Cloud-based technologies have been very popular of late. Within the healthcare arena, cloud-based solutions promise to transform and revolutionize U.S. healthcare infrastructure.  As medical practitioners upgrade their traditional paper-based records to electronic health records (EHR), many are undoubtedly weighing their alternatives. Cloud-based EHR systems have garnered much attention and have emerged as a favorite thus far. Astute investors in this arena, however, would be wise to consider the sustainability of the hubbub surrounding cloud computing.

“The cloud” has become the hot new moniker that everyone seems to be rushing to adopt these days. From casual note taking to office applications and even mission-critical infrastructure management, cloud-based solutions are popping up everywhere. At its core, cloud-based software systems allow users to access their data remotely. This provides an unprecedented level of access and sharing that tends to foster greater efficiency.

Cloud-based EHRs function on the same basic premise. Patients’ medical records are no longer stored on paper or local storage devices, which may be prone to theft, loss, or destruction. Instead they are kept in specialized off-site systems that often feature multiple redundancies. As patients visit specialists or change their primary medical providers over the course of their lives, new doctors can instantly access a patient’s entire medical history since all of this data is centralized in one location or network.

By cutting down on the manual paperwork, productivity and quality of care should theoretically rise. Doctors will be able to make more accurate diagnoses with up-to-date information. Patients will have the option of easily switching doctors or getting second opinions. This technology can also potentially usher in a new age of collaboration among medical professionals, since patient data can be easily shared with practitioners anywhere in the world.

Skeptics, however, have begun to question this new technology. With prominent stories of hacked data servers featured on a regular basis, patients should be concerned about the actual security of their medical files. The massive data breech of credit card information at Target (TGT) in late 2013 served as a sobering reminder of the risks that technology often entails. 

Although not as widely publicized, breeches of healthcare record systems do occur. This stolen data can be used for nefarious reasons, ranging from identity theft to insurance fraud. As cloud-based EHRs become more popular, criminal elements will likely look for new ways to exploit this technology. In the arms race to find and fix potential security issues, however, cloud-based EHRs do have an advantage. Since these systems are centralized, updates and patches can be instantaneously rolled out behind the scenes with little to no impact on users. If service providers remain vigilant and ahead of the curve, they have an inherent advantage that traditional decentralized software makers have lacked.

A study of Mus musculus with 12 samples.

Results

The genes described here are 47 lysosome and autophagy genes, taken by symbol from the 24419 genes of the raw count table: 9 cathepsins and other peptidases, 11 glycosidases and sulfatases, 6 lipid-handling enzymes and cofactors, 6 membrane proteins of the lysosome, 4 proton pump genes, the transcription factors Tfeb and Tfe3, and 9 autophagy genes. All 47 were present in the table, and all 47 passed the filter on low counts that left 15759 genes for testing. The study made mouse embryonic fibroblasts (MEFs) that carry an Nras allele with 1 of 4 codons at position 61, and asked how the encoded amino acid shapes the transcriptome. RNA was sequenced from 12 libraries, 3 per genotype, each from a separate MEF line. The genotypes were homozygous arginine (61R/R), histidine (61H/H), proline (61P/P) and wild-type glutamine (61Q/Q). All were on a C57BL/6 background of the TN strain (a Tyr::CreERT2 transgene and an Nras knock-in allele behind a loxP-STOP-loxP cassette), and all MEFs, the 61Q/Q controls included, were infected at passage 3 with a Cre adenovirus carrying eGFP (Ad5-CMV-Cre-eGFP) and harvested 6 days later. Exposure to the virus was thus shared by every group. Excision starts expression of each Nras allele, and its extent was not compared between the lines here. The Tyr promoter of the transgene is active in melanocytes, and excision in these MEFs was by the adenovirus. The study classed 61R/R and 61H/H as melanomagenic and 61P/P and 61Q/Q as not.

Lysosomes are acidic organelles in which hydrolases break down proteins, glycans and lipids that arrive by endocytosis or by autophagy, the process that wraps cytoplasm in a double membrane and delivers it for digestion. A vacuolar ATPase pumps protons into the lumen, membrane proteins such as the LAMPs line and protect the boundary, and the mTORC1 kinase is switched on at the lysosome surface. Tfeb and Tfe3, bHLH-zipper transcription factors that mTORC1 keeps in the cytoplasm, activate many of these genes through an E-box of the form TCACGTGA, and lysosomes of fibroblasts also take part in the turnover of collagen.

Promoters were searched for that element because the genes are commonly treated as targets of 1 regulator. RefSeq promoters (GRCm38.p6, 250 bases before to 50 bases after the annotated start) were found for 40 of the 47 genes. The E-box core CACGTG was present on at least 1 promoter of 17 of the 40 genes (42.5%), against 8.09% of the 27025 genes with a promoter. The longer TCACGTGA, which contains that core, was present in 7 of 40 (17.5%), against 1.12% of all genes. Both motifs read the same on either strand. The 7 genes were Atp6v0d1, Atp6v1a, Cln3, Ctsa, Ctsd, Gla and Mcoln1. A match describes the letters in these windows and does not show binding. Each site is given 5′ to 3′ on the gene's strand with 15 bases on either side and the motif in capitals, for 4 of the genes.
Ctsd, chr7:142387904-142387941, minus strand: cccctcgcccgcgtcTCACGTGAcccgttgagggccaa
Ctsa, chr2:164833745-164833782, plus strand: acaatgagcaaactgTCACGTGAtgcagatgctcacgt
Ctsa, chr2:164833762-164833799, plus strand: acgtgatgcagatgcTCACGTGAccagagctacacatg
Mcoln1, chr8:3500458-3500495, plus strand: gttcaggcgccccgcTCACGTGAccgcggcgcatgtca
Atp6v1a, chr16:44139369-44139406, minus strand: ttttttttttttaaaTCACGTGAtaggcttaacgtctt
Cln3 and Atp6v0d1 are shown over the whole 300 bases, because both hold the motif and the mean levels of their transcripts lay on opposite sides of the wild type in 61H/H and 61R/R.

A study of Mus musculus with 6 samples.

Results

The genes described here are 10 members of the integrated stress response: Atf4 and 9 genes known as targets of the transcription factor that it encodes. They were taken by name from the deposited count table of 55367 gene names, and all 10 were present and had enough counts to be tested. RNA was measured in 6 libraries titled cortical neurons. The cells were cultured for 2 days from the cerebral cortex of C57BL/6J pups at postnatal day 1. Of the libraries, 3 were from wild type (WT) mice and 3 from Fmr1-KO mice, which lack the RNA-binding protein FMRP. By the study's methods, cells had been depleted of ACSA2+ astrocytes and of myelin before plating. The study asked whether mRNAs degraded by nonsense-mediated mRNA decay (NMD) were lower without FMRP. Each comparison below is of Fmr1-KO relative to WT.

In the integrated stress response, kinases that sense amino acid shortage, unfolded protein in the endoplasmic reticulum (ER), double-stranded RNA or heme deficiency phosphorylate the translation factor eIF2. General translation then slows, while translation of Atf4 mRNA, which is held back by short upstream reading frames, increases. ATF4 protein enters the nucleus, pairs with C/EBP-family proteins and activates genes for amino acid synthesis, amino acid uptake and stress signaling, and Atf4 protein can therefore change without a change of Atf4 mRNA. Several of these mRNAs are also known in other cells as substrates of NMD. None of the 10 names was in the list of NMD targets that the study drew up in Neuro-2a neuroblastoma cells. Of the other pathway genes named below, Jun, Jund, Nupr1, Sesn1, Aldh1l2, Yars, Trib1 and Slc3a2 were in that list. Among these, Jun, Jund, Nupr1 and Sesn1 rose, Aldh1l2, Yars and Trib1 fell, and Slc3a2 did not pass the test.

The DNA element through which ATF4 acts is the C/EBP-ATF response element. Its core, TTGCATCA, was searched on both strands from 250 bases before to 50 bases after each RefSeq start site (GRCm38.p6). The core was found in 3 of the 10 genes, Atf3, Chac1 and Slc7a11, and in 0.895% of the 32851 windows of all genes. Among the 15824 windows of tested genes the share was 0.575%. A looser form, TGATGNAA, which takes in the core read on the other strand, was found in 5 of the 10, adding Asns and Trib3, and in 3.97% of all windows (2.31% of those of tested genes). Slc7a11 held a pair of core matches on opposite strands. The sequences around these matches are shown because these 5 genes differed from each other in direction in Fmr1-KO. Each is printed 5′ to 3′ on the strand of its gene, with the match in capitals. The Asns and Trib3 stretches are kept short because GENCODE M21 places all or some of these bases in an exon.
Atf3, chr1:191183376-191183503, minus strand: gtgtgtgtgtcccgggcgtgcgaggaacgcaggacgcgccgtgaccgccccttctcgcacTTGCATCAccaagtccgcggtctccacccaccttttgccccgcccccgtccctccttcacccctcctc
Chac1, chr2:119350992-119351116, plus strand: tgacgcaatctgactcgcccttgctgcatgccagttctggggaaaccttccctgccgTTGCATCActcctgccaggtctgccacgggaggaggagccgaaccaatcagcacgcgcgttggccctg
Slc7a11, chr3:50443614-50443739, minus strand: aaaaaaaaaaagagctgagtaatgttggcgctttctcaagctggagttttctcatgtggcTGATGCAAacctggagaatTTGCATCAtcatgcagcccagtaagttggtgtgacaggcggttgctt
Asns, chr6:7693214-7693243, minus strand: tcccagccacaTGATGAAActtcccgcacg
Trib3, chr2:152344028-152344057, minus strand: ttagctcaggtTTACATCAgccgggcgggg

Medical providers will need to exercise greater care in selecting their EHR vendors. Under the Health Information Portability and Accountability Act (HIPAA), penalties are levied for data breeches. As medical providers consider their options, security will likely become one of the top issues as they consider whether they want to hop on the cloud-based EHR train.

That said, companies that provide cloud-based EHR systems ought to see solid demand over the near and long term. The Health Information Technology for Economic and Clinical Health (HITECH) Act, will continue to provide financial incentives for healthcare providers to upgrade to EHRs. Although security concerns regarding cloud technology are valid, traditional client-side EHR systems are not a convincing solution, especially for smaller practices with limited resources. These decentralized systems typically entail high equipment set-up costs and are comparatively slower in receiving security updates since they are locally situated and require greater user interaction.

Providers of compliant Health IT solutions have benefited greatly from the federal HITECH mandate. Within this competitive business, however, certain companies have led the pack while others have lost market share. Although athenahealth (ATHN) pioneered cloud-based EHRs, industry stalwarts like Cerner (CERN) and AllScripts (MDRX) have made much progress over the past few quarters.

Despite the recent weakness in cloud-technology stocks, providers of cloud-based EHRs still have a compelling long-term growth story. Most medical practitioners would rather focus on their patients instead of an EHR system, so easy to use cloud systems ought to make further inroads. Moreover, with a comparably lower price point, the cloud is well on its way to becoming the new standard for affordable EHRs. Security protocols and standards will need to catch up, but cloud-based EHRs will likely continue their steady march and evolve over time.

At the time of this article’s writing, the author did not have positions in any of the companies mentioned.